Tate staff angered after being asked to donate to departing director amid disputes over pay

Employees were asked to help buy a boat as a leaving present

Jack Shepherd
Friday 28 April 2017 16:14
Sir Nicholas Serota has been a feature in the Power 100 top ten since its 2002 launch
Sir Nicholas Serota has been a feature in the Power 100 top ten since its 2002 launch

Tate Modern and Tate Britain employees have been left ‘feeling sick’ after being asked to contribute towards a boat for the outgoing director, Nicholas Serota, who reportedly earns a six-figure salary.

A poster titled ‘Nick’s leaving fund’ was placed in both buildings’ staff rooms, asking for donations to be put towards a sailing boat.

“Nick loves sailing,” the notice reads, “and this would be a lasting and very special reminder of the high regard which I know so many of us have for Nick and contribution to Tate.”

However, employees were angered many of them are not paid the London living wage while Serota — who will be stepping down as director of the gallery this May — earns high sums.

The gallery has been embroiled in disputes concerning pay among junior staff along with the decision to outsource many jobs to agency Securitas, who — according to The Guardian — pay workers less than those hired directly by Tate.

Speaking about the incident, PCS union representative Tracy Edwards told the aforementioned publication: “The staff at Tate are underpaid and overworked and haven’t had appropriate pay rises, and this just demonstrates how divorced from reality the management at Tate are. It seems to me they’ve made a big error of judgment.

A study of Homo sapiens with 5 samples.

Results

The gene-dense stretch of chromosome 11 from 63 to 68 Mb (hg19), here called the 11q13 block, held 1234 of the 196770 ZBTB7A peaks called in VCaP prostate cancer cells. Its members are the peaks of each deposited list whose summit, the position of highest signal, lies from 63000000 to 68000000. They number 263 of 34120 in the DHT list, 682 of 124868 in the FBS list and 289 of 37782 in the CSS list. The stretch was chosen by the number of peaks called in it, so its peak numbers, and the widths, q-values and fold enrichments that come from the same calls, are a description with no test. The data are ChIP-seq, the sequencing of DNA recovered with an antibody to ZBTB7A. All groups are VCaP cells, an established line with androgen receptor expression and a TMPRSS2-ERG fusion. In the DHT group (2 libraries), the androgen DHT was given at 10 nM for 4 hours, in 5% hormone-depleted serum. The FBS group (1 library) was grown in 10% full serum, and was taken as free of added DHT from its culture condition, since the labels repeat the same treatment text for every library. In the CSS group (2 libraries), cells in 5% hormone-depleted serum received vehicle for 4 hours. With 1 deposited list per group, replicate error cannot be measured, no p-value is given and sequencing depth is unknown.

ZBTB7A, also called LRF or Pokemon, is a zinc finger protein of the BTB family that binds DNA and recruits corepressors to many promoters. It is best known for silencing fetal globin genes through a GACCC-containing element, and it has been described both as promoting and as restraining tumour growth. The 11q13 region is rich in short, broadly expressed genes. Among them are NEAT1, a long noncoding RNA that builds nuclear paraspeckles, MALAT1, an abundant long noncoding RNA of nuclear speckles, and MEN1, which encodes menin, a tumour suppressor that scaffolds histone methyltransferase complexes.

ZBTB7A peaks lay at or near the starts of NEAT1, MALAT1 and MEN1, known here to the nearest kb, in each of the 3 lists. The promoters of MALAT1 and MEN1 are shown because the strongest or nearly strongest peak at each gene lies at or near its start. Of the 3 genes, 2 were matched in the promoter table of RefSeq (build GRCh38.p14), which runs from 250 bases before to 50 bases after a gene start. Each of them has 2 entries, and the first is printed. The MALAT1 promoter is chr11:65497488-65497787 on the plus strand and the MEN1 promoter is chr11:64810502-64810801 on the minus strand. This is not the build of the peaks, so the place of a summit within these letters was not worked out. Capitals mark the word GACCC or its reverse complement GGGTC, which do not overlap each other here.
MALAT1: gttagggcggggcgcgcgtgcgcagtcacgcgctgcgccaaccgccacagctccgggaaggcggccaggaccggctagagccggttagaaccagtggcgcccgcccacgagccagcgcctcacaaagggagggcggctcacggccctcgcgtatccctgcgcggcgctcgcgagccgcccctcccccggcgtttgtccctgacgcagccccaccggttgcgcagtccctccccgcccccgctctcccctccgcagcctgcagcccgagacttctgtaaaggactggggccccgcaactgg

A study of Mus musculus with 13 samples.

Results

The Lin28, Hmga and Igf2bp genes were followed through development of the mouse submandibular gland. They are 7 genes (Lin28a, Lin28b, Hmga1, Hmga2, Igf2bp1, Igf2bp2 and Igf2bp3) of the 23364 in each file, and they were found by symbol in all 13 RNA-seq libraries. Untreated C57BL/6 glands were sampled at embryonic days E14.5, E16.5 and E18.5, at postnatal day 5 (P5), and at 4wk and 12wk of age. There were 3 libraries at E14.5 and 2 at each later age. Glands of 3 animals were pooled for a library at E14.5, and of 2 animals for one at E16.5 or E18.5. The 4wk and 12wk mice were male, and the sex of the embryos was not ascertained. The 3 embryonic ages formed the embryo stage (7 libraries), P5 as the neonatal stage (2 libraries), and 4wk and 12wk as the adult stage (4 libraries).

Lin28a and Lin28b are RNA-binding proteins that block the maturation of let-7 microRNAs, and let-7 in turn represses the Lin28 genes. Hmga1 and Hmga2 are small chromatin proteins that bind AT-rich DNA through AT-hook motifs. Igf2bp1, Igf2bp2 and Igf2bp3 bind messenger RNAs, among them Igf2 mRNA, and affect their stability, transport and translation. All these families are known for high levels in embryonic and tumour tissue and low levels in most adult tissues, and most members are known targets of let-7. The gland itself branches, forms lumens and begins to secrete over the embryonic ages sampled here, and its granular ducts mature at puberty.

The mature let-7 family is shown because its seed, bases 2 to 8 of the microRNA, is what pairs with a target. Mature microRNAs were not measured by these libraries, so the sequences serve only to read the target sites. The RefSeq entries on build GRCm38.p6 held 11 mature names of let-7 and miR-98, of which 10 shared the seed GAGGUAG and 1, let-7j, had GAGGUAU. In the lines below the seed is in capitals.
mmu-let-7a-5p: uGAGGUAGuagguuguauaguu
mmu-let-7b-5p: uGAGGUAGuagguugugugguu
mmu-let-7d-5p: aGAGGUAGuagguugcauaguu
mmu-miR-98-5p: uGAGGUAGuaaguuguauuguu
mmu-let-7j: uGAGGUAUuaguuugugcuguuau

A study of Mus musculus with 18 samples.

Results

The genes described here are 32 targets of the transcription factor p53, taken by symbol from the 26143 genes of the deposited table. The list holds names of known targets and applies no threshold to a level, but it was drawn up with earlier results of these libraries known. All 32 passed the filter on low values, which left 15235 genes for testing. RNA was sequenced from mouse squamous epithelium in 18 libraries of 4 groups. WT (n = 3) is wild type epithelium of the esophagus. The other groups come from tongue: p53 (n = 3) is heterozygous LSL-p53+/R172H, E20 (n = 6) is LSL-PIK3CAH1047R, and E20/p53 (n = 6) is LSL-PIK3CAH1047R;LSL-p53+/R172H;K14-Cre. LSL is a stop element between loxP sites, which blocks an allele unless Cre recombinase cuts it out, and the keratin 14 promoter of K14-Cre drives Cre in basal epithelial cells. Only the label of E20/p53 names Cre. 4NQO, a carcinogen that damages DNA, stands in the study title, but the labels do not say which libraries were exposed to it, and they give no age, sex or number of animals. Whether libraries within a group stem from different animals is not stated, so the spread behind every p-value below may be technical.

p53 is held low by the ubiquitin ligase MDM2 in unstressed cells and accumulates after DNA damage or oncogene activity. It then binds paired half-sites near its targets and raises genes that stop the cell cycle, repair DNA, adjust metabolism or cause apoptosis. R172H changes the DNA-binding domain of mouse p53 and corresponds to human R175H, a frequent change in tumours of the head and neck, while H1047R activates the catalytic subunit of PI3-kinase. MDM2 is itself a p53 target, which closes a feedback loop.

“Our members are on zero-hours contracts, they are struggling to pay the bills each month, so to ask them to donate towards a boat – well, I can tell you the staff are not happy at all. It’s really rubbed people up the wrong way.”

A spokesperson for the Tate told The Huffington Post: “The idea of a leaving gift was first suggested by members of staff who wanted to show their appreciation for everything Nick has achieved in his time at Tate.

“Our intention was to ask colleagues if they wished to contribute towards the purchase of a small dinghy on an entirely voluntary basis, in the same way that we would hold a collection for any member of staff who was leaving Tate.”

Earlier this month, residents in a block of multi-million-pound flats overlooked by a Tate Modern viewing platform began attempting to sue the gallery, arguing that their human rights are being breached by “near constant surveillance”.

A spokesperson for the Tate said: “The design of the building has always included a high-level terrace for the benefit of the public, but we cannot comment further given the conditions of the legal process.”